As seen in our previous post, to protect Micro, Small and Medium Enterprises (MSMEs) from the vicious cycle of delayed payments, the MSME Ministry has now interlinked the Delayed Payment Monitoring Portal – MSME Samadhaan with National E-Governance Service Ltd. (NeSL)’s Information Utility (IU).
With this new mechanism in place, MSMEs can now directly obtain a Record Of Default (RoD) from NeSL IU against their defaulting buyer. Since NeSL IU generates a RoD only when a defaulting buyer does not dispute his MSME supplier’s debt claim after multiple reminders, a RoD is legally treated as an admissible prima facie piece of evidence of the buyer’s admission of default.
Using the RoD obtained from NeSL IU, an aggrieved MSME can approach the National Company Law Tribunal (NCLT) to file an application to initiate insolvency proceedings against the defaulting buyer.
In this post, we will elaborate on the end-to-end process and the steps involved in invoking insolvency proceedings against a defaulting buyer.
If not already registered on NeSL IU’s portal, register with MSME UAM (Udyog Aadhaar) or Digital Signature.
Log in to NeSL’s IU portal and confirm and complete the information that was shared on the Samadhaan portal. Using this information, the MSME can click on option to generate ‘Demand Notice’ and this will be sent by NeSL IU to the defaulting buyer.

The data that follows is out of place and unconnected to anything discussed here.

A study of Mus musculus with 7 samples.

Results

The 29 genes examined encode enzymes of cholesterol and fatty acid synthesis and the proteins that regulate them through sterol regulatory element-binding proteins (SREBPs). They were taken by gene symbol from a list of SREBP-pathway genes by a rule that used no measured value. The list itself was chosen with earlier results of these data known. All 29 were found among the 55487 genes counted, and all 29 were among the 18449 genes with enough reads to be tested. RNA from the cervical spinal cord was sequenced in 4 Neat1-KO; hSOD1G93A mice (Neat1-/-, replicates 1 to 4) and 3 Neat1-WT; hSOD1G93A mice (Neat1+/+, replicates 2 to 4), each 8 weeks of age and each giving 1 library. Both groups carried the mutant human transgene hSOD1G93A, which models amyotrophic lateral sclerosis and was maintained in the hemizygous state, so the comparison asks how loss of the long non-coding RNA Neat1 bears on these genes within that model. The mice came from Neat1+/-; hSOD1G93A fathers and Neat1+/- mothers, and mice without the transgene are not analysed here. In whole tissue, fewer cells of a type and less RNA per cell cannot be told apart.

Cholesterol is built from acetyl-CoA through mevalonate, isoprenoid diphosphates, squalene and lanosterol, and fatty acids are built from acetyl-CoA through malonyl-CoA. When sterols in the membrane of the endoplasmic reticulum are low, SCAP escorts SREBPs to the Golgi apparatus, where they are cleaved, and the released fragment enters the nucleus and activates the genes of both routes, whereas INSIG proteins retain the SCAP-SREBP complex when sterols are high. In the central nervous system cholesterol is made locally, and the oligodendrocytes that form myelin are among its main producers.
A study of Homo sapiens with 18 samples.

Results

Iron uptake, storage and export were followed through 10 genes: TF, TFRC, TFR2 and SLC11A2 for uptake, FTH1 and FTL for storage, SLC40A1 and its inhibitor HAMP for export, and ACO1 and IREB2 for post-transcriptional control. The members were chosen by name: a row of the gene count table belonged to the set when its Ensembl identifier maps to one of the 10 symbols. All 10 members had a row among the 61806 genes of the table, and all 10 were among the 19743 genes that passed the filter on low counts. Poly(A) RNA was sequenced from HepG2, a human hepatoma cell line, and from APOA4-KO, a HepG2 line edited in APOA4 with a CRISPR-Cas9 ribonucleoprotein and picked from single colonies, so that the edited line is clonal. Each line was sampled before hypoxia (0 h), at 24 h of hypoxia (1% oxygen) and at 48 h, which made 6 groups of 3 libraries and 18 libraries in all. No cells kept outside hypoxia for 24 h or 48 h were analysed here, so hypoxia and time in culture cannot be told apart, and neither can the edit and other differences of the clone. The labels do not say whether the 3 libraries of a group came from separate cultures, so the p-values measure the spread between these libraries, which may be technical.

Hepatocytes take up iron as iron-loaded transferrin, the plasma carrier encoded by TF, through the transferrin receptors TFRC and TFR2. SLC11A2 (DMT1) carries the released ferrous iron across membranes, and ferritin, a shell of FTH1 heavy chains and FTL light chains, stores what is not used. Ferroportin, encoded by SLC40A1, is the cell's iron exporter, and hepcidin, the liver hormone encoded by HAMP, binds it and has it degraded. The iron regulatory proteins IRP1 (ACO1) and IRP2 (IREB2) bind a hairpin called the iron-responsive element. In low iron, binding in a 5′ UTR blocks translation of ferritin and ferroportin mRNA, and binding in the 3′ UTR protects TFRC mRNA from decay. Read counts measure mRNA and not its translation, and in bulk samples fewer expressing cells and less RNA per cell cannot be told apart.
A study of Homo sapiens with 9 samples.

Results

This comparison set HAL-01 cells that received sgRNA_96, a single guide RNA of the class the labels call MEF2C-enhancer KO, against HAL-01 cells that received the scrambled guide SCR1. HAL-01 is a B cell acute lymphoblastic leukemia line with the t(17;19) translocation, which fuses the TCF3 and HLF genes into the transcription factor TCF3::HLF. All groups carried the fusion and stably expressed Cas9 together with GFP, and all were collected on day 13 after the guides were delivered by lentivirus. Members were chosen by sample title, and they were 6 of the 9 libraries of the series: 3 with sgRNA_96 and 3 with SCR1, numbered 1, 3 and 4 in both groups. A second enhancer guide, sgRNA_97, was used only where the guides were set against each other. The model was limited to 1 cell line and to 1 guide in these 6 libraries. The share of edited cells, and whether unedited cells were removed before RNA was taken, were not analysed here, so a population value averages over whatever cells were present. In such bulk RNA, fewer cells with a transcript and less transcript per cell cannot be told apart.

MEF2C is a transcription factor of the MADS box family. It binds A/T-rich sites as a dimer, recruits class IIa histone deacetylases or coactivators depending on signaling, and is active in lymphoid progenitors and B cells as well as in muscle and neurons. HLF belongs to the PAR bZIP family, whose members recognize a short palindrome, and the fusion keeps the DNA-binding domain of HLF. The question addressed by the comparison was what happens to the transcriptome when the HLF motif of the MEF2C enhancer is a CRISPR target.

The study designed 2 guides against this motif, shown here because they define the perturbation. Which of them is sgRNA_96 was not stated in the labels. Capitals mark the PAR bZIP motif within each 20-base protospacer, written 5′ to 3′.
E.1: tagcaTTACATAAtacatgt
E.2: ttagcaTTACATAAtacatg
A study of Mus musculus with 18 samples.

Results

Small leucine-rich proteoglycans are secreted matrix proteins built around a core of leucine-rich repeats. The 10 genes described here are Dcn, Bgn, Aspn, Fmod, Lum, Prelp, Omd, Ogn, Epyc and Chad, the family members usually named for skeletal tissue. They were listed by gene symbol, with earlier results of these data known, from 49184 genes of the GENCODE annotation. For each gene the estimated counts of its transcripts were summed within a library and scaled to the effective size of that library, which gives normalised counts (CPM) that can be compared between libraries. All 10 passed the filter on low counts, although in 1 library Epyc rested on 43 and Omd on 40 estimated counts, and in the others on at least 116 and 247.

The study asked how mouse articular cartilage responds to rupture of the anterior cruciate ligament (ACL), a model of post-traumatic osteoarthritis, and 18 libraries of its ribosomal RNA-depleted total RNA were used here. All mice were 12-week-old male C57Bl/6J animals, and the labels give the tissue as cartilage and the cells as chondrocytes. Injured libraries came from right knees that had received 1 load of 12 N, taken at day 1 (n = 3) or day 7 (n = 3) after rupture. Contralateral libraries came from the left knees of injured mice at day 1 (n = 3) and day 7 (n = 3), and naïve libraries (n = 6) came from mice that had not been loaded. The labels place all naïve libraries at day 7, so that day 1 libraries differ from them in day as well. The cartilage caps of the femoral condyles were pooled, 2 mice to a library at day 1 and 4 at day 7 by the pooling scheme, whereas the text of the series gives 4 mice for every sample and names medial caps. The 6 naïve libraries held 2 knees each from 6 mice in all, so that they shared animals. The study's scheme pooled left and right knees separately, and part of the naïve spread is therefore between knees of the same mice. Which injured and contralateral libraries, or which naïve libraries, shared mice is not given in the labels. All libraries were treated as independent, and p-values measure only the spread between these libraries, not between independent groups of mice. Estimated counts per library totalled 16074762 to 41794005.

Further, as per IBC procedure, NeSL IU will automatically send three reminders to the defaulting buyer to accept or dispute the MSME supplier’s debt claim.
If the buyer fails to respond to the notice and reminders sent in respect of debt claim, NeSL IU automatically triggers a ‘Default Alert’ and broadcasts it to all lenders of the defaulting buyer.
Download the ‘Record of Default’ (RoD) and the Demand Notice generated through NeSL IU and attach the same with the application before the Adjudicating Authority (NCLT) for initiating a Corporate Insolvency Resolution Process (CIRP) against the defaulting buyer under Section 9 of the IBC.
NCLT scrutinizes the CIRP application and if there is no pre-existing dispute it accepts the same within 14 days of the application date.
If the CIRP application is accepted, NCLT appoints an Interim Resolution Professional (IRP) who takes over the management control of the defaulting buyer.
Usually, upon being given a notice of the filing of insolvency application in NCLT, the fear of admission of the case and the consequent loss of Company control often pressurizes defaulting buyers to settle the claim. Several thousand cases have been withdrawn from NCLT as a result of this and benefited Operational Creditors to recover their unpaid dues.
To Sum It Up
The Insolvency and Bankruptcy Board of India (IBBI)’s regulations for ‘Insolvency Resolution Process for Corporate Persons’ stipulate that the entire Corporate Insolvency Resolution Process (CIRP) must be completed within 180 days from the date of admission of application to the Adjudicating Authority, with a provision for extension by 90 days if deemed necessary by the NCLT.
With IBBI’s stringent mandates for a time-bound resolution and new initiatives like interlinking Samadhaan and NeSL IU, MSMEs no longer have to worry about their unpaid dues.